If you have a court order requiring you to pay spousal support to your former spouse, you may be able to have such payments reduced or eliminated. The first thing you need to do is look at the existing spousal support court order. Bring your court order to an experienced spousal support attorney who can explain to you whether the order is one that can be modified.
If the court order is able to legally be modified, you will have to show the court that there has been a material change in circumstances since the order was made to warrant a change in the spousal support order. Here are five possible reasons why the court might modify an existing spousal support order.
Your Spouse No Longer Needs the Support
Your spouse has gotten a job or is receiving income from another source, such as a trust. He or she no longer needs as much, or any, spousal support payment from you to meet his or her needs.
Your Spouse is Not Making a Good Faith Effort Toward Being Self-Supporting
If your spouse can get a job or invest prudently with his or her own assets, but is making no effort to do so, you may be able to get your spousal support payments reduced. Your attorney could argue that your ex-spouse does not deserve the amount of spousal support that you are currently paying.
Your Spouse is Cohabiting with a New Partner or Has Remarried
If your spouse is cohabiting with a new partner, he or she may no longer require as much or any spousal support as before. Therefore, your attorney can request a reduction or termination of your support. If your former spouse has remarried, you can ask for spousal support to be permanently terminated.
You Have Had a Significant Drop in Income and Can No Longer Afford the Amount of Support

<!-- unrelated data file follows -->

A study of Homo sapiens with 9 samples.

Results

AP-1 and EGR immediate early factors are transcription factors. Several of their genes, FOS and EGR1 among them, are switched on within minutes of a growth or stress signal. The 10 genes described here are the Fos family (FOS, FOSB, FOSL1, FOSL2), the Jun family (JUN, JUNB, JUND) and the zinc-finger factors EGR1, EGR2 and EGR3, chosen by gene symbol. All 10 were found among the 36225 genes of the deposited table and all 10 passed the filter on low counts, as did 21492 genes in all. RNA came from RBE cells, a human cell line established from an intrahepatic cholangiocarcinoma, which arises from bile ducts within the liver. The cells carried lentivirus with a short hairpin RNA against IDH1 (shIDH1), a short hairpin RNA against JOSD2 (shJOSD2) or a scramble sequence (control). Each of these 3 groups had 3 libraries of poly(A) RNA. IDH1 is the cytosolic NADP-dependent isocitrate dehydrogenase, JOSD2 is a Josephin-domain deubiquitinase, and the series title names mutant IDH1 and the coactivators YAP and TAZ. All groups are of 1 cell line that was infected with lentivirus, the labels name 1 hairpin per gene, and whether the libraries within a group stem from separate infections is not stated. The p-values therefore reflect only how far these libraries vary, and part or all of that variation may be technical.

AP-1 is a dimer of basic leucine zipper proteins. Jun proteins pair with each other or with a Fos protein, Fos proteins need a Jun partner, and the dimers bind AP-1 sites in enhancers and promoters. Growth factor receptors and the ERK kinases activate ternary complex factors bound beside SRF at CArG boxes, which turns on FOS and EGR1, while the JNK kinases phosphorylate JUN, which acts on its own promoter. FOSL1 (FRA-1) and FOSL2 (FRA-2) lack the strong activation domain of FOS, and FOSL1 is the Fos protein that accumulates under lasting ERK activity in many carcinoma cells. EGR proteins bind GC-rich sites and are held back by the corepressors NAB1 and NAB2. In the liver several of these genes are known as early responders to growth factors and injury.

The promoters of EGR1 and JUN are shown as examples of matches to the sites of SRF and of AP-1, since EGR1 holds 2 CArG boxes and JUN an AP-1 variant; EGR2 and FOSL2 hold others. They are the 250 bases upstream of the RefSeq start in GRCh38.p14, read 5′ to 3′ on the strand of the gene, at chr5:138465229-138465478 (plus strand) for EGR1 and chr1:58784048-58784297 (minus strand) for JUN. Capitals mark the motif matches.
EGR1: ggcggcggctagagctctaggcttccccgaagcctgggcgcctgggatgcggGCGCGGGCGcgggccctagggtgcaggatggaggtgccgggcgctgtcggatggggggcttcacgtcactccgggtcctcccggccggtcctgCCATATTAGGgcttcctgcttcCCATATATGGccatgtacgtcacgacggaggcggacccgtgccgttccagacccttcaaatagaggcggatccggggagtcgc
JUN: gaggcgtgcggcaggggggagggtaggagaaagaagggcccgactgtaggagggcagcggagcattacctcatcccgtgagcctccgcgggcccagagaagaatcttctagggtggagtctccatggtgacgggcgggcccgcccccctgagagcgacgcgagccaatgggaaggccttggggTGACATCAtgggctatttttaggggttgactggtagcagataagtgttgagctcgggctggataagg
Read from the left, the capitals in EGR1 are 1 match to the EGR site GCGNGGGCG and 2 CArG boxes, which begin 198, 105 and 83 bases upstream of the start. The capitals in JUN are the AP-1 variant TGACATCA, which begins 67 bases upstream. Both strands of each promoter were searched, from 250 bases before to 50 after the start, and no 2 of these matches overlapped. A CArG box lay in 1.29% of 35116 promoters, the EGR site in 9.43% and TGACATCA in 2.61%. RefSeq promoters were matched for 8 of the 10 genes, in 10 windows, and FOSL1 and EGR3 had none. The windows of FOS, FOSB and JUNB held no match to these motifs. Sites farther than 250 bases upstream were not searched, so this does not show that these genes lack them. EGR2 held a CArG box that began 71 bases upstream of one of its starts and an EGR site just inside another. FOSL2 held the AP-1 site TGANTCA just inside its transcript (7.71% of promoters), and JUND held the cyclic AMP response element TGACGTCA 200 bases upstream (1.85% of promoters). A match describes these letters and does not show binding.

If you have lost your job or the amount of income you earn has been reduced, you may no longer have the funds to keep up with the amount of spousal support ordered. Your family law attorney could ask for spousal support payments to be reduced.
You cannot quit your job or ask for a reduction in hours in order to earn less money so that you can pay less spousal support. If the court finds that you attempted to do so, your request for a modification will likely not be granted.
Your Spouse Has Not Disclosed Critical Financial Information to the Court
If the court-ordered spousal support order was based on information that is inaccurate or false, your spouse may not need the amount of support he or she is currently receiving. If you can provide proof to the court that your ex-spouse failed to disclose accurate financial information, the court could grant your request to modify or terminate spousal support.
Request a Modification as Soon as Circumstances Change
You should meet with an experienced spousal support lawyer as soon as you realize one of the above circumstances exist. Spousal support cannot be changed retroactively. If you lose your job in January and file papers in court to change the support order in March, the judge can only change support as of March. The judge cannot go back to the day you lost your job.
Call the Spousal Support Attorneys at Wallin & Klarich
If you are interested in reducing or eliminating your spousal support payments, call a family law attorney at Wallin & Klarich immediately. Our skilled spousal support can help you request a modification of spousal support. Our knowledgeable attorneys have over 30 years of experience successfully representing our clients in spousal support and family law matters.
We have offices in Los Angeles, Sherman Oaks, Torrance, Tustin, San Diego, Riverside, San Bernardino, Ventura, West Covina and Victorville. We will be able to help you no matter where you work or live.
Call us today at (888) 749-7428 for a free phone consultation. We will be there when you call.